Building security into our deployment service system
Nick DeChant | Pinterest engineer, Infrastructure
We use an in-house deployment service system we built called Teletraan to push new code to Pinners around the world. Our goal for Teletraan is to be as dependable and straightforward as possible to remove any deploy-related issues for engineers. In order to achieve this, we’ve put great effort into keeping our deploy process and system secure.
Before, Teletraan didn’t have native authentication and authorization checks when performing operations, so our products and internal tools were at risk for unintended deploy-related changes across teams. As we continue to quickly grow as an organization, it’s important to have a robust permissions control mechanism to prevent possible poor experiences for Pinners and for our productivity as engineers.
Role-based permissions and access control lists
At Pinterest, deploy security permissions is based on the idea of individual team ownership. It’s important that any sort of permissions system minimally impacts the deploy process for each team, but also protects their service environments from unintended changes.
Our deploy system is a traditional 3-tier system: a front-end web UI, a MySQL backend and a RESTful service in the middle (which is also called Teletraan server). Teletraan server authenticates requests from the web UI and command-line based on three different kinds of tokens: short-lived OAuth tokens, personal long-lived OAuth tokens and Teletraan managed script tokens. Authorization is enforced by checking user roles or team roles against the requirements for a resource they’re requesting.
Teletraan is very flexible in terms of configurations for this. Turning on or off any combination of authentication and authorization is as easy as removing or adding lines in a config file.
When users access Teletraan through the web UI, the front-end client will work with our internal OAuth 2.0 server, go through the OAuth v2 workflow and obtain a short-lived token. The web UI will then use this token in HTTP headers for any subsequent calls to Teletraan server. For example, a command-line request to create a deploy with a specific token is described here:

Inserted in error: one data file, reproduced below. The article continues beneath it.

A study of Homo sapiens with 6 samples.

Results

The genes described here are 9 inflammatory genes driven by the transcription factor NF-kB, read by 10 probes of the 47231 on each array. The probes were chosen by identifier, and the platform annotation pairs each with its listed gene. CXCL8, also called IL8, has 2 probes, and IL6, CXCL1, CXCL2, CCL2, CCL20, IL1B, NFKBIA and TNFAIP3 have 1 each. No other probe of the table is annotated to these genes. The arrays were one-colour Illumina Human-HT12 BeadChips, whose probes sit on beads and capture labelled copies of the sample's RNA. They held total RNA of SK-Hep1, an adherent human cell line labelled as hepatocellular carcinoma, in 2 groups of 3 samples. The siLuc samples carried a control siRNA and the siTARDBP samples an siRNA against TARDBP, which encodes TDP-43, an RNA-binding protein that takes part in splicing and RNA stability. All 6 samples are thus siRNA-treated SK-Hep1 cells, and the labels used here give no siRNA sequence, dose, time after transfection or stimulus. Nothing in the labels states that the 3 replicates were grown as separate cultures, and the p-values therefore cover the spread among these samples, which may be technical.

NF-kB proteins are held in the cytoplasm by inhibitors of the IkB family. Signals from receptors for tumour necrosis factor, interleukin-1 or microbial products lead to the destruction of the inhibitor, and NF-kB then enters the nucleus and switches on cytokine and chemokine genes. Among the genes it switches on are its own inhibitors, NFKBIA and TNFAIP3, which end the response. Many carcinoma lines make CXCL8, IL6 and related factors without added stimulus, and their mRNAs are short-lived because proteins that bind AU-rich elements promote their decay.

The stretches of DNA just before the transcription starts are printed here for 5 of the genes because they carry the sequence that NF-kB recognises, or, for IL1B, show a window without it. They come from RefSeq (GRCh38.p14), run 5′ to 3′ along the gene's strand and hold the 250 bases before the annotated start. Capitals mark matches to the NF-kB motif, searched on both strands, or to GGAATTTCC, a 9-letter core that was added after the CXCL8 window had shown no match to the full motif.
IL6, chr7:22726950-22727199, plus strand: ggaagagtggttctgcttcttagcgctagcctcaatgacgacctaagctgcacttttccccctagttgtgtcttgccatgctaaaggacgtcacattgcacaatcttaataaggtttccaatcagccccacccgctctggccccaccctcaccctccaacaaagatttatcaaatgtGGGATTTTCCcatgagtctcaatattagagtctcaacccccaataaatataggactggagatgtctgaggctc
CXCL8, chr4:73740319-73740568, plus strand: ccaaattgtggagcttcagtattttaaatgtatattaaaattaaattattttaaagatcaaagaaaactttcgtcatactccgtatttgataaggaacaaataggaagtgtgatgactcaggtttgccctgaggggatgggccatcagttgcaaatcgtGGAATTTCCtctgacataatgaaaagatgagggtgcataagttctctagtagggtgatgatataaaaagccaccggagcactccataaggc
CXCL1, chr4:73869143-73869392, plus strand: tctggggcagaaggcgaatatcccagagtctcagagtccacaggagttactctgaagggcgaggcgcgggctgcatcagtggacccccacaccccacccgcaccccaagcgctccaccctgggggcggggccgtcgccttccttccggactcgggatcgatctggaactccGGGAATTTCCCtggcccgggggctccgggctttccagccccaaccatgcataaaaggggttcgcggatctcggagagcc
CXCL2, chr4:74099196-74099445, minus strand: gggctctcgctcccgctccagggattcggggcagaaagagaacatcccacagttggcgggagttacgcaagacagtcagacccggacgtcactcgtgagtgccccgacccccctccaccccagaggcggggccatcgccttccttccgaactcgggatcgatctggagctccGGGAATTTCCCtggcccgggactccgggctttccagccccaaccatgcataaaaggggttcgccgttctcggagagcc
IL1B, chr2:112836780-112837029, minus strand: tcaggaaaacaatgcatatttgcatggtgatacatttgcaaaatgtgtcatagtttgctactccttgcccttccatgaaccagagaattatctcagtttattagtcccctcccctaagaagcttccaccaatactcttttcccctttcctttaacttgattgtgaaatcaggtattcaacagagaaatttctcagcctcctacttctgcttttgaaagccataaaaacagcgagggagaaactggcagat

curl -H "Authorization: token <token>" -H "Content-Type: application/json" -X POST https://<yourSite>.com/v1/envs/<environmentName>/<stageName>/deploys/?build_id=12345&description=foo
Additionally, users can obtain long-lived tokens from an OAuth server manually and use them to access Teletraan server through RESTful API calls. Both the short-lived and long-lived tokens are OAuth tokens. Teletraan server will verify these tokens with the OAuth server directly.
Teletraan server also issues and maintains script tokens, which are intended to be used by scripts. Script tokens are not OAuth tokens. Only ADMIN level users in Teletraan can create script tokens for their respective environments.
We plan to open-source Teletraan in the near future, and with that in mind, we made our deploy security model support OpenID Connect. Authenticating using your Google, Amazon or any other OpenID Connect supported login service is easily configurable and works in the same way as querying our internal OAuth servers. All it takes is changing a few endpoint URLs in a config file.
Once authenticated, Authorization checks take place against MySQL database roles tables. From command-line, authorization against request requirements are conducted using the same methods.
We created tiered levels with defined roles, and left them open to change and grow with new roles in the future. Alongside roles we designed a layer of abstraction called Resource which contains information such as an ID and a type. This allows us to apply our permissions design to other applications with different broken-up components such as hosts or groups along with our current use case of Teletraan service environments.
This design provides an effective way to protect our service environments and ensure deploy security. As we continue building our cloud platform, we intend to use this model across all our cloud services.
We’re excited to open-source Teletraan early next year, which will support the access control list model. You can read more about Teletraan as a deployment service system in a previous blog post.
Acknowledgements: Teletraan was built by Jinru He, Linda Lo, Baogang Song and Nick DeChant from the Cloud Engineering team. We’d also like to thank Devin Lundberg from the Cloud Engineering team for his help with security design.